Findings from the Canberra Symphony Orchestra’s (CSO) Music and Memory pilot program demonstrate the benefits of live music for people living with dementia.
Over the course of eight weeks, a statistically significant reduction in disruptive behaviours was observed, along with anecdotally observed improvements in mood and increased social interaction.
Developed by CSO bassoonist and audiologist Kristen Sutcliffe, with third-year UC psychology student Heather Roche, Music and Memory has been designed to touch the hearts and minds of people living with dementia, through specifically chosen music.
The program ran throughout July and August and saw 10 participants attend bi-weekly, 30-minute concerts at Goodwin House Ainslie that all featured a duo of CSO musicians.
The song list retained some fixed elements and some variables, with the repetition of a few crowd favourites at every concert deemed good for the subjects.
This was based on previous studies that indicate such repetition can help to create a sense of stability and security.
Ms Sutcliffe pointed out most of the existing research only utilises generalised music for relaxation, as opposed to their approach with specifically targeted music.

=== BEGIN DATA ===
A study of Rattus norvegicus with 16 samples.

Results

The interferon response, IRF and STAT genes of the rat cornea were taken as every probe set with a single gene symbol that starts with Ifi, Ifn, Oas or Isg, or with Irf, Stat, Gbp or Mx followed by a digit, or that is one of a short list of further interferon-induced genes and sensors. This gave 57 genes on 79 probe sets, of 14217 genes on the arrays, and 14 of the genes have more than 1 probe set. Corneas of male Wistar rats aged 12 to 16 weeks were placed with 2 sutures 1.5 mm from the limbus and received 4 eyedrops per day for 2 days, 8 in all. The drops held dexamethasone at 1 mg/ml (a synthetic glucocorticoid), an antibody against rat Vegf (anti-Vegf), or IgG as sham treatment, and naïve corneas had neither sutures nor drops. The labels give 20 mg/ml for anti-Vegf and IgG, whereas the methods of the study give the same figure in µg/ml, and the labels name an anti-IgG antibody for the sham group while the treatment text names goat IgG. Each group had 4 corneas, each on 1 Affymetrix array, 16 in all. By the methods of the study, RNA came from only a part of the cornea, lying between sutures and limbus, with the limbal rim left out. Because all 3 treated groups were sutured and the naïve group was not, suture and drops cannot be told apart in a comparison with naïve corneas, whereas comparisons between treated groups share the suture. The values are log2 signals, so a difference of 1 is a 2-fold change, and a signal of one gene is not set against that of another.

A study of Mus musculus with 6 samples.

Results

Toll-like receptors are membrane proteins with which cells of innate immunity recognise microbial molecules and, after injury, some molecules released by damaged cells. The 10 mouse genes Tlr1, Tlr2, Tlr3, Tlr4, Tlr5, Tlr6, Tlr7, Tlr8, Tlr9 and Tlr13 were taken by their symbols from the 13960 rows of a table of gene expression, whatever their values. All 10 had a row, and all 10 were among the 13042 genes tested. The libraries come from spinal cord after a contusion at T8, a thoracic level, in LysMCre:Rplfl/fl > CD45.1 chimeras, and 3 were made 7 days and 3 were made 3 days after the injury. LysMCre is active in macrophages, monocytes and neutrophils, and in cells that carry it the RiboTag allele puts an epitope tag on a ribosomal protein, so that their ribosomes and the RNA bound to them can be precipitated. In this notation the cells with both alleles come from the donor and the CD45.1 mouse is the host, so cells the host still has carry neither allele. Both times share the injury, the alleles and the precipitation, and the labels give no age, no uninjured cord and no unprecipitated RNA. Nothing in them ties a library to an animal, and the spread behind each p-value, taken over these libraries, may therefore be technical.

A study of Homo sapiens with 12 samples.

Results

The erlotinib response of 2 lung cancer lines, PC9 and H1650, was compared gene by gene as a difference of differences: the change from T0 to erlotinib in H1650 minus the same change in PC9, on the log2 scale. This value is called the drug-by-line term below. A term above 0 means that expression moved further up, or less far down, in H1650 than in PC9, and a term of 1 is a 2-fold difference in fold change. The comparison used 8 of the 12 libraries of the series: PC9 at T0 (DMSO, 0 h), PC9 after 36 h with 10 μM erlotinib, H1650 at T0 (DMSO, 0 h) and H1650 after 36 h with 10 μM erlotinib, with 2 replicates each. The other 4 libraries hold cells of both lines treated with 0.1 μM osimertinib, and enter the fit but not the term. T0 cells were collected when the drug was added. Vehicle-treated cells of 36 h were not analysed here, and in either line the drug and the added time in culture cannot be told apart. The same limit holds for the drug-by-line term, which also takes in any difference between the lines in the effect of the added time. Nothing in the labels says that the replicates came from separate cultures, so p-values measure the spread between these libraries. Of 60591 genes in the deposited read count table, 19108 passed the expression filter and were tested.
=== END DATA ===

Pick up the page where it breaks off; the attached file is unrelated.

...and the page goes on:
“We’re filling in that niche of having a personalised musical program we can deliver within a live music setting,” she said.
Every concert begins with You are my Sunshine by Jimmy Davis.
“As soon as we start playing it you see the feet tapping, it’s beautiful,” Ms Sutcliffe said.
And each performance is capped off with Almost Like Being in Love from the 1940s musical, Brigadoon.
Then in the middle of every gig there’s even a bit of ABBA and a rendition of Hit the Road Jack.
“One of the key benefits we observed was the calming effect of the music across the study group,” Ms Sutcliffe said.
“The design and delivery also made it possible to build rapport with the participants and connect on a social, as well as musical, level.”
A statistically significant reduction in disruptive behaviours was observed over the eight-week pilot.
Insecurity and restlessness were measured by the frequency of behaviours such as hoarding or hiding objects, agitation at the end of the day and nocturnal restlessness.
Significant reduction was observed between the beginning of the program and week four, and again between weeks four and eight.
There was also a noteworthy decrease in repetitive behaviours such as pacing, aimless wandering, repetitive utterances and unwarranted requests for help.
Additional observations included anecdotal reports of participants singing along to pieces, being moved to dance, calming them down, and even some recalling concerts they’d attended years prior.
Goodwin Aged Care Services supported the program delivery through hosting the concerts, providing care supports to participants, administration, behavioural research and management of ethical considerations.
“Music has always been a part of life at Goodwin,” said Goodwin executive director of care, Jamie Fillingham. “It’s great to see the positive effects highlighted through this program.”